Chris Powell’s already working with next ‘Extreme’ contestants
BY SUE ONTIVEROS Staff Reporter September 18, 2013 4:44PM
Updated: October 20, 2013 6:32AM
While fans of “Extreme Makeover: Weight Loss Edition” sit back and wait for the next season, the show’s star trainer is doing anything but that.
Chris Powell already is working with the 16 people who will be featured in Season 4 of the show, which won’t air until late next spring. (There will be 13 episodes. Two feature family pairs — one a mother and son; the other, a dad and daughter.)
Powell gets thousands of requests from people who want to be on the ABC series and he says the “hardest part” of his job is whittling the number down to the chosen few. The letters, emails, pleas on Social Media and in person come from “anywhere and everywhere.” As we’re talking, he’s in Colorado, which he describes as having a culture of fitness, as do both coasts. What about other parts of the country? Where people may have to drive to get to things and where the food choices outside the home are largely fast food and chain restaurants? Not so much.
There are many traits shared by the contestants, who spend a year working with Powell and often his trainer wife Heidi to change their weights and lives. These are not simply people who eat too much, but rather food addicts, according to the 35-year-old Powell.
“They have an unhealthy attachment to food,” he says. “They are literally spending the day planning what they are going to eat, how they are going to reward themselves with food.”
Fast food also is a staple. And for those who do cook, the meals often are what Powell describes as “extravagant, calorie-dense.” During what the show calls their transformation, Powell has them eating “real, natural food.”
The women are given somewhere between 1,600 to 1,700 calories a day; the men 2,250 to 2,300 daily calories. They are to eat five meals a day, the first beginning within 30 minutes of waking up and every three hours after that.
“You may be surprised to hear this, but when they switch [their food choices], they have the toughest time getting all their meals in,” Powell says. “It’s tough for them to get their volume in, and that is a huge, eye-opening experience for them.”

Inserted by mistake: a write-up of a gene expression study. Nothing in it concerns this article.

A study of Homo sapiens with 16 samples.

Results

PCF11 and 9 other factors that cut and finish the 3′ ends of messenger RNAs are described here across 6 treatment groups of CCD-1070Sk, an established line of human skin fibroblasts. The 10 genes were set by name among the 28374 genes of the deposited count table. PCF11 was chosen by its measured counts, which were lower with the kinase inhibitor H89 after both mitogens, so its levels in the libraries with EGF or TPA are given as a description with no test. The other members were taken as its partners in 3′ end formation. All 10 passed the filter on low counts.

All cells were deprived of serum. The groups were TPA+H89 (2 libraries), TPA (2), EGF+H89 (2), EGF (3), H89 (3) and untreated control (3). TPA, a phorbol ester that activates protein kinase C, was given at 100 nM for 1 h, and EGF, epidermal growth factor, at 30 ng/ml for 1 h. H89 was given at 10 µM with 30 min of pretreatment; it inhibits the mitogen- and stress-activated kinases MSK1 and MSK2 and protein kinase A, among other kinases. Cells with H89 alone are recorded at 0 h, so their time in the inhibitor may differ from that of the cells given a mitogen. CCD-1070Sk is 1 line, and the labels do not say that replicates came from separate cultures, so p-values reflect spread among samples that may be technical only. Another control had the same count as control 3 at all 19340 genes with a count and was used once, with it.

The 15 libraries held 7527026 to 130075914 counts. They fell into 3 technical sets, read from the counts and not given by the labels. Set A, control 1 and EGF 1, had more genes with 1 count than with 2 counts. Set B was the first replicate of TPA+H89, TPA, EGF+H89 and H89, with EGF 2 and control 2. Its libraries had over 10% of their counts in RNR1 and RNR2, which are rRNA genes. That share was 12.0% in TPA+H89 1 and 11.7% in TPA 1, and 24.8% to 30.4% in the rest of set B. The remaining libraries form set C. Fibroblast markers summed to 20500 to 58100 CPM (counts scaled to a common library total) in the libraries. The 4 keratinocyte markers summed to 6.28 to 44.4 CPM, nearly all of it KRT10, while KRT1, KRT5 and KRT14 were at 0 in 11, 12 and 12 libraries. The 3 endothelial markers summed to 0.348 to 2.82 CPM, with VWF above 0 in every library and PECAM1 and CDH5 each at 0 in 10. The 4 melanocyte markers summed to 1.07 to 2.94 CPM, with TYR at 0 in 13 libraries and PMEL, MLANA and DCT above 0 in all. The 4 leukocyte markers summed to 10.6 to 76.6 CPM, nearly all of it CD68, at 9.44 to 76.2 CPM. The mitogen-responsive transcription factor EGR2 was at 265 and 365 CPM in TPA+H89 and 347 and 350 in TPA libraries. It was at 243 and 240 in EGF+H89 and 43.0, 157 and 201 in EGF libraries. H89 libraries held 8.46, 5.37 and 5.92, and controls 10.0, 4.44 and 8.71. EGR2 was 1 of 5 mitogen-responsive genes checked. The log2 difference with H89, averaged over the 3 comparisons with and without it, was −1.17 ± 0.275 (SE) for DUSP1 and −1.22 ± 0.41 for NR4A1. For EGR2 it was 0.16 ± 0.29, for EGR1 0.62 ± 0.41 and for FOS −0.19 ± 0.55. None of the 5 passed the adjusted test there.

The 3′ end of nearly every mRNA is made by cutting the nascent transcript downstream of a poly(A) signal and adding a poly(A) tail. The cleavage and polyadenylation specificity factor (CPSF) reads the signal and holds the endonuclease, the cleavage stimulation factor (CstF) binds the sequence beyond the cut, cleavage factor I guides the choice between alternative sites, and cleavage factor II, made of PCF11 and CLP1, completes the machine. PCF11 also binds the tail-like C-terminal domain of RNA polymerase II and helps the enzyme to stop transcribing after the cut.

Because Powell doesn’t want the new eating style to be viewed as one of simply restriction and elimination, on Sundays contestants are allowed an extra 1,000 calories to satisfy their cravings. But — and this sounds like good advice for all of us — the reward food (often something that’s been their downfall in the past) must be eaten outside the home.
“If it’s in the house, they’re going to break their promise,” to change their eating patterns, says Powell. “And once the dam breaks …”
There’s another reason reward food is off-limits at home. It’s the same reason Powell’s team creates an at-home workout space. “We want them to see home as the environment for success,” he says.
By the time the contestants return home — with Powell in tow — they often are seeking a gym because they’ve discovered, he says, that that’s a place with like-minded people.
Powell tells contestants from the very beginning: what will be their support system very well won’t be coming from where they’re expecting it. “We warn them the support might not be your family, your friends, your loved ones,” he says. “It’s just not their journey.”
And yes, Powell says, it’s important he stay in their homes. “That’s when they can see, when the cameras are off, I’m the same person and then they can open up. They can see they can trust me, and that my intent is just to help.”